The Asian Development Bank (ADB) on Thursday indicated providing $2.5 billion in additional loans to Pakistan, including $1.5 billion before end of year, but the government will have to secure a good economic health certificate from the International Monetary Fund (IMF).

“The ADB indicated the additional support of $2.5 billion for the next fiscal year, from which $1.5 billion to $2 billion can be available in the ongoing calendar year”, according to a statement issued by the Ministry of Finance.

The statement was issued after a meeting between Minister of State for Finance and Revenue Dr Aisha Ghous Pasha and the Country Director of the ADB, Yong Ye.

The finance ministry insiders said the ADB indicated that it could provide $1.5 billion under the Counter Cyclical Finance Facility and another roughly $400 million under energy sector policy loans.

However, it will be an uphill task to secure the $1.5 billion facility on priority due to the requirements and a slow-moving bureaucracy in the Ministry of Economic Affairs that has so far failed to even write a formal letter to the ADB for availing the loan.

The EAD secretary has not been able to focus on the disbursements of foreign loans that are now falling behind the goals for the third and the fourth quarters, the sources said.

The indicated $2.5 billion additional financing is said to be over and above the regular $2 billion annual envelope in shape of policy and project loans.

Pakistan is currently in dire need of foreign loans due to depleting foreign exchange reserves coupled with growing repayments and import financing requirements. The rupee-dollar parity slipped the lowest ever level of Rs191.77 to a dollar on Thursday amid uncertainty in the market over the fate of the IMF programme.

In order to get the ADB additional financing, Pakistan has to meet many requirements for qualifying for the facility that has been designed to help the member countries to cope with the challenges posed by the Covid-19 pandemic

The ADB board has already approved the Counter Cyclical Finance Facility on May 3 and Pakistan’s share includes a mix of both the concessional and commercial facility. However, the $1.5 billion loan approval by the ADB board will require that Pakistan’s debt burden is sustainable and it is not following imprudent fiscal policies – the two requirements that will need hectic efforts to meet.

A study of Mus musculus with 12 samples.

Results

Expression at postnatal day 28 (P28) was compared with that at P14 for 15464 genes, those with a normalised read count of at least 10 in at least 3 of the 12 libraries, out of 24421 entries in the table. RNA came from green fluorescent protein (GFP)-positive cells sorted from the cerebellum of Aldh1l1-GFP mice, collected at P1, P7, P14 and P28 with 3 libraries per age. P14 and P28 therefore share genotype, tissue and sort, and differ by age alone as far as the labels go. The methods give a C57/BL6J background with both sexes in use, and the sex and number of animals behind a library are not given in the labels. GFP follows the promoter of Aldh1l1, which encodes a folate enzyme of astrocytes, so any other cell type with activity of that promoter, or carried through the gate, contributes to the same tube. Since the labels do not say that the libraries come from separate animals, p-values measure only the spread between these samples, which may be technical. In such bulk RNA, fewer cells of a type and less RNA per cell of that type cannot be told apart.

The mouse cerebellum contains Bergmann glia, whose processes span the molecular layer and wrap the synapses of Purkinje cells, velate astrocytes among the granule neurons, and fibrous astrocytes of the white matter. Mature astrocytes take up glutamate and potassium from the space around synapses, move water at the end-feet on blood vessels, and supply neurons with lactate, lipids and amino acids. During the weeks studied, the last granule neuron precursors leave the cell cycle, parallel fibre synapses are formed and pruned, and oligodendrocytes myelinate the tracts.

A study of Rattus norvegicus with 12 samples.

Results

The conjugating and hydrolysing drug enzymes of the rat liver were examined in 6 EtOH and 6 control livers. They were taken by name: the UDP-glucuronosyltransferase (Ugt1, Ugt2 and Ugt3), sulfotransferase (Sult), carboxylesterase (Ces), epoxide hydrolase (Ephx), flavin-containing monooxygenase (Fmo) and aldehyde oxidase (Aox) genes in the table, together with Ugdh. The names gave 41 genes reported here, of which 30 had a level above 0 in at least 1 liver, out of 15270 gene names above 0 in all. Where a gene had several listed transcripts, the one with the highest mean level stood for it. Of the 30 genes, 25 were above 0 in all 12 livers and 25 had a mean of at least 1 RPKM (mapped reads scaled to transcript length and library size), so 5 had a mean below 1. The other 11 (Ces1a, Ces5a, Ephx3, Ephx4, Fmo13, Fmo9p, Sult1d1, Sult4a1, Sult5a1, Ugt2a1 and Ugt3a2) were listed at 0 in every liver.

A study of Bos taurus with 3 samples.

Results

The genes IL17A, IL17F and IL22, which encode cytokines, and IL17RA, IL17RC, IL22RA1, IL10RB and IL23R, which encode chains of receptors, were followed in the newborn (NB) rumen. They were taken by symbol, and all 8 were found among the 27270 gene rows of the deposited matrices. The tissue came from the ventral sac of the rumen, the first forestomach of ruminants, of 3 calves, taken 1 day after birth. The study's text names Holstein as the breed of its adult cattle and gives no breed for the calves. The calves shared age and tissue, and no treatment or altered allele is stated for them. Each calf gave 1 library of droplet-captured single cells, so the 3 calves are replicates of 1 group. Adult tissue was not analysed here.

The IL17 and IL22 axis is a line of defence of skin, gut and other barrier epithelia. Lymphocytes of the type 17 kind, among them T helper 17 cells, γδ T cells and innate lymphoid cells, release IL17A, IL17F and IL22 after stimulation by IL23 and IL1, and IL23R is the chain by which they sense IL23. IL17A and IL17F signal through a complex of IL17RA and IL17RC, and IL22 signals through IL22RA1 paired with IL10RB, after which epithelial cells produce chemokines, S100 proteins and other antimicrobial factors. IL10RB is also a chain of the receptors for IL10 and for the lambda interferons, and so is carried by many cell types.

Insiders said that the negative impact of the Russia-Ukraine war on Pakistan’s economy will also be a factor in deciding the loan approval. The government will also require submitting a sound macroeconomic plan to the ADB board, which means departure from the existing expansionary fiscal policies and withdrawal of the fuel subsidies.

The government will also have to secure an assessment letter from the IMF, which should validate that the country’s economic policies were on the right track.

However, it will not be an easy task to get an assessment letter from the IMF until Islamabad addresses the outstanding issues like withdrawal of fuel subsidies and tax amnesty scheme.

Pakistan and the IMF are scheduled to hold policy level talks for the revival of the IMF programme on May 18 in Doha.

Due to deteriorating external sector situation and resultant reduction in the foreign exchange reserves, China has delayed the processing of $2.3 billion commercial loans and has placed a condition that Islamabad cannot effectively utilise the money.

The finance ministry handout stated that Dr Aisha acknowledged that ADB had always assisted in pursuance of reform and development agenda in the country.

She said that currently Pakistan was facing various fiscal and monetary challenges but the present government was keenly working on various structural reform measures to bring back the economy on an inclusive and sustainable growth path, according to the finance ministry.

The ADB country director briefed the minister of state on ADB’s portfolio and the country strategy. It was shared that ADB was devoted to providing the support for the reform agenda of SOEs governance and regulations, women inclusive finance sector development and PPP frameworks.